Dubai: Jordan has reported 21 new coronavirus infections after eight days of zero cases across the country, and four days since the kingdom lifted all curbs on economic activity.
According to an official source at the Epidemic Committee, the new cases include a driver in Mafraq who transmitted the infection to seven people in Irbid.
The source has not ruled out the possibility of recording new cases when the results of 120 samples, which were collected from people in Irbid and Mafraq, would be released.
The detection of the new COVID-19 cases came four days after the lifting of the tight restrictions on economic activity in the latest easing of coronavirus lockdown rules to help jump-start the cash-strapped economy.
Jordan’s Health Minister Saad Jaber said the new cases bring the total number of infections to 299 across the kingdom. The newly-diagnosed patients also include four in Irbid and two in Amman who had been in direct contact with the previously infected patients.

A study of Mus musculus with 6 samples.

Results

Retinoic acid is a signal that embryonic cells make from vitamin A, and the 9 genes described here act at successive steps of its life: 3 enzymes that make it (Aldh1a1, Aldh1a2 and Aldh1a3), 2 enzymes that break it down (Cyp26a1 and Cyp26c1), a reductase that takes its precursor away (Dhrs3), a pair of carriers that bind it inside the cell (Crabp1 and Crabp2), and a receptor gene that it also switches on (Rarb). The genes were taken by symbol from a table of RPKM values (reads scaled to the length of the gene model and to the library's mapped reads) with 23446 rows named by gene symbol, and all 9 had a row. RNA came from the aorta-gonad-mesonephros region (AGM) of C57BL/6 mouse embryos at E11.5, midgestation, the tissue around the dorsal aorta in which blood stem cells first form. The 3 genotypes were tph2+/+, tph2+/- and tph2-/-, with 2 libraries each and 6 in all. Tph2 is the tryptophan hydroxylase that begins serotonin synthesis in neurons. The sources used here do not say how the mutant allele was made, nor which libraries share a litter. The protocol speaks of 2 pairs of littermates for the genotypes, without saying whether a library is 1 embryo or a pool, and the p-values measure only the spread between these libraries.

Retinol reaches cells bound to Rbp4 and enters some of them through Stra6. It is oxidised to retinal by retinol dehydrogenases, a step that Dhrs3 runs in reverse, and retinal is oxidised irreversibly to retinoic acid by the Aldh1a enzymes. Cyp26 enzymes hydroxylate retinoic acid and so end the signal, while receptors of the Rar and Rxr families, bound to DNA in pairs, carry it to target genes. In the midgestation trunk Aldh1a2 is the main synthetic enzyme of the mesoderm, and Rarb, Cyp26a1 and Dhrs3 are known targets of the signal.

He announced the recovery of nine COVID-19 patients. The medical teams have conducted 1,220 coronavirus tests in different regions across the country.
Dr. Jaber reassured population in Wadi Musa, a town located in the Ma’an Governorate in southern Jordan, that all the 250 tests conducted for people living there came negative.
Lifting restrictions on movement aimed at allowing more businesses to reopen to help economy regain activity.
Almost 18 days ago, Jordan began to easing restrictions across the country where public transport and taxi services were allowed to resume with passenger restrictions and safety guidelines, including compulsory wearing of face masks and gloves. However, universities and schools will remain closed and the night curfew will continue.
The government imposed the curfew shortly after King Abdullah II enacted an emergency law that paralysed daily life, and ordered shops and firms to close, leaving many daily wage earners struggling without pay.
Meanwhile, Tariq Hammouri, Minister of Industry and Trade said businesses and industries would now be able to resume their activities and production, a move that aims to help the badly impacted economy recover.